Matzah Flash 90

Israel is exporting $48.5 million in matzah and wine to Jewish communities across the globe, the Economy and Industry Ministry revealed Wednesday, ahead of the upcoming Passover holiday. 

The US imports the most matzahh - $7 million worth - with European countries importing a total of $5 million. Among the European importers the UK leads, at $1.7 million, followed (somewhat surprisingly for its relatively small Jewish population) by Italy ($1 million), France ($700,000), Belgium, which imports matzah worth $600,000, and Holland at $103,000.

Elsewhere, Argentina imported matzahs from Israel at $130,000, Holland bought $103,000 of the holiday staple, Brazil bought $88,000, Romania $25,000, Azerbaijan $19,000 and even Nigeria ($4,500) and the Democratic Republic of the Congo ($1,600) imported matzahs.

The main types of matzah exported from Israel are special "shmura" matzahs, diet matzahs, whole wheat matzahs, organic matzahs, rye matzahs and – of course - chocolate covered matzahs.

Israeli wines also have many devotees around the world: the country's wine exports in 2015 reached $36.5 million. Two-thirds of the wine was exported to the US and Canada and a quarter was sent to European countries, led by France, which imported $3 million worth of Israeli wines, and Britain ($1.7 million). Israeli wines were also exported to Germany, Belgium, Italy and other countries.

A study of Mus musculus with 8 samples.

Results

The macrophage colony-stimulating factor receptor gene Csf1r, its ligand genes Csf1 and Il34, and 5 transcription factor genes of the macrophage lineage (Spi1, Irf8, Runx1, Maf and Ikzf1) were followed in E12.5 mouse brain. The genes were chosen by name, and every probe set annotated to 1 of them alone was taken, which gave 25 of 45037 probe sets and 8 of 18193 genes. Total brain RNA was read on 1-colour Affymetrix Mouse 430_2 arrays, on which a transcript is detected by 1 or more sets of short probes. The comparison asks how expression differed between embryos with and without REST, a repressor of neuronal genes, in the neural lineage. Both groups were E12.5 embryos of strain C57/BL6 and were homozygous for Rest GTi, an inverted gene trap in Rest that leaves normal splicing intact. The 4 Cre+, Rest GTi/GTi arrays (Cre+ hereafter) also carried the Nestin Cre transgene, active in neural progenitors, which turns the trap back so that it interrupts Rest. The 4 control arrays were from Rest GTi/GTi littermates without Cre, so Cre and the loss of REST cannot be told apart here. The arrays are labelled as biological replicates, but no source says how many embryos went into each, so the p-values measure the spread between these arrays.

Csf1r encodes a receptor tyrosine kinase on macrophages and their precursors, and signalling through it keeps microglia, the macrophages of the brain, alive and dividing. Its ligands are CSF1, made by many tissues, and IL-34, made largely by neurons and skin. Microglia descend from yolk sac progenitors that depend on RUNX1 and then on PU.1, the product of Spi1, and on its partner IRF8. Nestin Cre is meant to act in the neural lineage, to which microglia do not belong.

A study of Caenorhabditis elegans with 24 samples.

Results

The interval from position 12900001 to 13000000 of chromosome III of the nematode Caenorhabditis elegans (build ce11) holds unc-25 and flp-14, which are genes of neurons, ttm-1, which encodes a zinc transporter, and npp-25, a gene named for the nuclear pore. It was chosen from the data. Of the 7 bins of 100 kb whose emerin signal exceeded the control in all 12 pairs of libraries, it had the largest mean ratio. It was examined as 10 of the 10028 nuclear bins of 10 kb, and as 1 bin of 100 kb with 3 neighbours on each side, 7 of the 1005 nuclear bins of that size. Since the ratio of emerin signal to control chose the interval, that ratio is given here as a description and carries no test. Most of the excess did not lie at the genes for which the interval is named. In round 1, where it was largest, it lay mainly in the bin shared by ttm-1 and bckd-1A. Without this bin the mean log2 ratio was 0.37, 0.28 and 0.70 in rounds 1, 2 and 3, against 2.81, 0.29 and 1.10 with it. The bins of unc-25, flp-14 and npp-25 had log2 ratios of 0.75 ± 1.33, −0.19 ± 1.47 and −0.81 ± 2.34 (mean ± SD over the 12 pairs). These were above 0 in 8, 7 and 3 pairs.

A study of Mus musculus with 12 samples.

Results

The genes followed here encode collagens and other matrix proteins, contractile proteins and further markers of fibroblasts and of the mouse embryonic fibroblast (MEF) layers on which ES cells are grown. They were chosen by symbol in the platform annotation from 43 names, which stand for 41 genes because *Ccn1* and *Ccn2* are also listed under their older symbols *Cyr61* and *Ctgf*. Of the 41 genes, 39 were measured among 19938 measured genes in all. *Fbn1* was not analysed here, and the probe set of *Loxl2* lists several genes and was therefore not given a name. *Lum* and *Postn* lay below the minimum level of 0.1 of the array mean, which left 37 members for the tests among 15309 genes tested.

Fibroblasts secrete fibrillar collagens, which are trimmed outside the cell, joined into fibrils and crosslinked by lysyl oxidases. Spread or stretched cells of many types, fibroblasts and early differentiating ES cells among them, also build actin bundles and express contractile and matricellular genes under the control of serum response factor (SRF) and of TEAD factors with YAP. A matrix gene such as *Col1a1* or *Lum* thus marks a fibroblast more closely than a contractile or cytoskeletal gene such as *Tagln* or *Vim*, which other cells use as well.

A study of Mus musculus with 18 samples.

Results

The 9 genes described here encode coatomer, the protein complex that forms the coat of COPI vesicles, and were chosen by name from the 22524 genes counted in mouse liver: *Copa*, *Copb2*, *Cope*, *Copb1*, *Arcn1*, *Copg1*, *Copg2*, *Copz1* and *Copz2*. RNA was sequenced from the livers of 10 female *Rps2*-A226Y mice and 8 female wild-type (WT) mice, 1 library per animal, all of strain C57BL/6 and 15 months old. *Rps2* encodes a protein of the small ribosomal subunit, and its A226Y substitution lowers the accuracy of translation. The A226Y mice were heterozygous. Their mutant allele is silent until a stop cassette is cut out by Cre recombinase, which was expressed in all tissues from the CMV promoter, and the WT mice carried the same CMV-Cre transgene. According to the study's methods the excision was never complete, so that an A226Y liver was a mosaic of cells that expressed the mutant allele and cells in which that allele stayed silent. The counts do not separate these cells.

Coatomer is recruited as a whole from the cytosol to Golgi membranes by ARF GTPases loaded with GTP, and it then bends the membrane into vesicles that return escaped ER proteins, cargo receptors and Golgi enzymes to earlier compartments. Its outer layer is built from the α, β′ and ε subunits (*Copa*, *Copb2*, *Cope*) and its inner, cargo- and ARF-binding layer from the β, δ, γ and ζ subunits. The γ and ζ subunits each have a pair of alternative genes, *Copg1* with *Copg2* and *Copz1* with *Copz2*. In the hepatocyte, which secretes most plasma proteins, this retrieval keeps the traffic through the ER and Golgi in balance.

Over the past three years, the Invest in Israel Division at the Israeli Ministry of Economy and Industry supported Israeli wineries with grants worth NIS 4 million. This support was intended to expand sales to markets abroad and to increase the number of people employed in the industry. According to the Industrial Department at the Israeli Ministry of Economy and Industry, 160 wineries are active in Israel, and are working at full capacity ahead of the Passover Holiday.

"It is not surprising to see a rise in purchases of kosher for Passover wine and matzahs among Jewish communities abroad ahead of the holiday," Ohad Cohen, Head of the Foreign Trade Administration at the Israeli Ministry of Economy and Industry. "At the same time, we also see interest among the general public abroad, which buys kosher food because they recognize that a kosher stamp also indicates that the food is of high quality."